Automated ordering at a McDonald's (Byung Kyu Park, Creative Commons)

When Ray pitched the idea to me of doing an episode on automation, the first thing I thought was, of course. Automation, in no small part because of the meteoric rise of the chatbot Chat GPT by OpenAI, is being discussed in every news outlet I follow these days. Is it because us writers and podcasters finally have technology coming for our jobs? While most research studies place writer as low on the list of professions at risk of being replaced by automation, I’m not convinced, as you’ll discover in this episode.

It’s clear that automation is reshaping so many parts of our lives — whether it’s how we work, have fun, or connect with other people, automation is playing an increasingly large role and with no sign of slowing down anytime soon. And cities, at least from an economic and social standpoint, won’t be impacted equally by the rise of automation. Kellogg Insight from Northwestern University created a fascinating web tool that shows how much impact automation is expected to have on cities across the U.S. I strongly recommend checking it out — as we do in the episode.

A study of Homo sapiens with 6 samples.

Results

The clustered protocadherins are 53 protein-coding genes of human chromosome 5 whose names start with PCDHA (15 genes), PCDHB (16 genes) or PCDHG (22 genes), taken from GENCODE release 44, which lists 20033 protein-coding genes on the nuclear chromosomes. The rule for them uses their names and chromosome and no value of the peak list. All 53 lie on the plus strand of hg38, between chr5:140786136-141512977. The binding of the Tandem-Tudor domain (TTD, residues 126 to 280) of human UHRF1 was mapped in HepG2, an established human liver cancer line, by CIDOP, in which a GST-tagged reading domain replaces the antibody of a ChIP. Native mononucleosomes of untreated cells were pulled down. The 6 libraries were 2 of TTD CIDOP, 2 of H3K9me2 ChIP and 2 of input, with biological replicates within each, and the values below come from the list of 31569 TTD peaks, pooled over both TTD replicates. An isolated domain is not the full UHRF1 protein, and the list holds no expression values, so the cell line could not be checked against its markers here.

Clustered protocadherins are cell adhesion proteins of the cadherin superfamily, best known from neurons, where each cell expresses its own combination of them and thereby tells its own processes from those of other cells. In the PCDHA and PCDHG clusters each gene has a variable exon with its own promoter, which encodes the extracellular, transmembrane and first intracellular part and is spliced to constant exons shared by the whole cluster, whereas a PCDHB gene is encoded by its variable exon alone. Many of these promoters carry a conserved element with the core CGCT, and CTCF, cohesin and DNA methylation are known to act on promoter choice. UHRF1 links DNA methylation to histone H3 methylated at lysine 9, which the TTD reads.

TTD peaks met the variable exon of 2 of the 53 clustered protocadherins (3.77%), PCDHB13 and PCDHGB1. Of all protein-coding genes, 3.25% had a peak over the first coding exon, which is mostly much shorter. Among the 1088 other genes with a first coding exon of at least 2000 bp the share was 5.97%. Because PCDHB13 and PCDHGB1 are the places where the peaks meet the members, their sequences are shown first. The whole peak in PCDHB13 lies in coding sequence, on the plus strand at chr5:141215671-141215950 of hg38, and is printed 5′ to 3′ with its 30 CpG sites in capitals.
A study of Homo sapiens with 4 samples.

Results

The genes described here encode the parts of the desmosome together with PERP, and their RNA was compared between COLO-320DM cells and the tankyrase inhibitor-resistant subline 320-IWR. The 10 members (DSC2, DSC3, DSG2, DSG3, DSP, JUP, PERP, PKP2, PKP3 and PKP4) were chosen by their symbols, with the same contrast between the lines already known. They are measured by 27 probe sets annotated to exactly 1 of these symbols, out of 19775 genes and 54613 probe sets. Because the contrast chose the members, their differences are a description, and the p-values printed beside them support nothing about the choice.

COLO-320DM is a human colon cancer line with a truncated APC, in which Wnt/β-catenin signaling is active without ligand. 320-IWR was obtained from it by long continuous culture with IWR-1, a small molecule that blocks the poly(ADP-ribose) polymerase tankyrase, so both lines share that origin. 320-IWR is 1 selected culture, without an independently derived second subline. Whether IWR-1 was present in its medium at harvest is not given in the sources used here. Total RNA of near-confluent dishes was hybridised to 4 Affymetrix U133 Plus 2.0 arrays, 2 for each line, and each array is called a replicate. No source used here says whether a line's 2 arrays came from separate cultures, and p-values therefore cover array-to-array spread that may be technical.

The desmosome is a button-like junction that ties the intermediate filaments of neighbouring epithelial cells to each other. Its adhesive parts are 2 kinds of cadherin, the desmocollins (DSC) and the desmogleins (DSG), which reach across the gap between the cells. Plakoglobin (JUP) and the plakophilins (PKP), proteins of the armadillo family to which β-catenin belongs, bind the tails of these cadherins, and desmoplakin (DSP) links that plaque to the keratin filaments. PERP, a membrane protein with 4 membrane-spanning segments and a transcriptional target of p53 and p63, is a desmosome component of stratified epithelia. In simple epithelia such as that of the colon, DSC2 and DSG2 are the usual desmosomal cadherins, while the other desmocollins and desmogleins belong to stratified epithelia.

Good listeners — and we assume you are real people (although we don’t discriminate against bots) — we want to know your thoughts, opinions, and hopes for the cool (and sometimes scary) things automation will bring into our cities and lives in the future. Reach out to us at podcast [at] theurbanist.org.  

As always, you can find The Urbanist podcast on iTunes, Spotify, and other major platforms. And if you are enjoying the podcast, be sure to offer a “like” or “thumbs up” on your favorite platform. It’s a great way to spread the word to new listeners.